Juan Manuel Alvarez testified Tuesday that he expected to be punished for causing a deadly Metrolink crash three years ago, but said prosecutors were unfairly trying to depict him as a murderer.
“I’m not expecting to come out of here,” Alvarez said under sharp questioning from the prosecutor. “I’m just expecting to come out with something fair. I’m not an assassin. I’m not a terrorist. I’m not a murderer. That’s how you’re trying to make me look . . . like a monster.”
On Jan. 26, 2005, Alvarez of Compton parked his sport utility vehicle on the tracks in Glendale, causing a Metrolink passenger train to derail, hit a parked freight train and then collide with an oncoming passenger train. Eleven people were killed and 180 injured in the crash.
Alvarez, 29, faces charges of first-degree murder and one count each of train-wrecking and arson. He could face the death penalty if convicted. Tuesday marked his fifth day on the witness stand.
An acknowledged drug addict, Alvarez had testified that he was trying to commit suicide but changed his mind moments before the train slammed into his vehicle. Prosecutors allege that Alvarez’s actions were willful and intended to cause death and destruction.
In testimony Tuesday, Alvarez reiterated that he never intended to harm others.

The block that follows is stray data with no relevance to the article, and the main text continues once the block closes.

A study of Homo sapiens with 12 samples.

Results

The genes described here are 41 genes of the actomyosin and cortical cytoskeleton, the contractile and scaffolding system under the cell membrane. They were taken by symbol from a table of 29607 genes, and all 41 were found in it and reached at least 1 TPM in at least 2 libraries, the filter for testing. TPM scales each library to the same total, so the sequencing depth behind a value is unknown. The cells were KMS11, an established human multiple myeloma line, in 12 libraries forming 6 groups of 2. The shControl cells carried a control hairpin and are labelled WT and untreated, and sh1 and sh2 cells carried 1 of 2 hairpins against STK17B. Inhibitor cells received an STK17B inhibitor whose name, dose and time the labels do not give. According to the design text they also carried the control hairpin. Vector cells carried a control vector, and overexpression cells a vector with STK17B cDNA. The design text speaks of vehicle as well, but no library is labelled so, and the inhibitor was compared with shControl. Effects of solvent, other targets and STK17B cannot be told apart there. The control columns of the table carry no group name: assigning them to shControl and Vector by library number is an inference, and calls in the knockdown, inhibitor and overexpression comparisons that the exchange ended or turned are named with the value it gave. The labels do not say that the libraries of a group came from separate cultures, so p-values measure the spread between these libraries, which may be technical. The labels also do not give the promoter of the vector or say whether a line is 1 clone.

“It was an accident,” he said, “a stupid mistake.”
“You don’t want to be convicted, do you?” Deputy Dist. Atty. John Monaghan asked.
“Nobody wants to,” Alvarez responded.
“You don’t want to take responsibility,” Monaghan said. “You want to walk out of here, don’t you?”
When asked by Monaghan what crime he was guilty of, Alvarez said he was culpable of “being stupid” and of trespassing.
During his cross-examination, Monaghan also challenged Alvarez’s testimony that he was unaware of the dangers of parking his vehicle on railway tracks.
And the prosecutor sought to cast doubt on Alvarez’s statements that he had doused himself with gas in an attempt to burn himself. Instead, prosecutors have alleged that Alvarez used the gas to ensure that the train caught fire when it crashed.
In other testimony Tuesday, Lisa Firestone, a clinical psychologist called by defense attorneys, said she examined Alvarez in jail for more than two hours in April and determined that the defendant fit the profile of someone who was prone to paranoia, chronically distressed and had “impulsive suicidal” tendencies.
Firestone, who has specialized in the motives and treatment of suicide for 25 years, also testified that Alvarez’s “self-destructive thoughts” were not consistent with someone who would premeditate acts of violence.
But prosecutor Cathryn Brougham, who is trying the case with Monaghan, sought to attack Firestone’s credibility, getting her to acknowledge that Alvarez knew she had come to interview him about his propensity to attempt suicide and therefore could have tailored his answers to appear more troubled than he really was.
Firestone also acknowledged that she did not take notes or record her interview with Alvarez.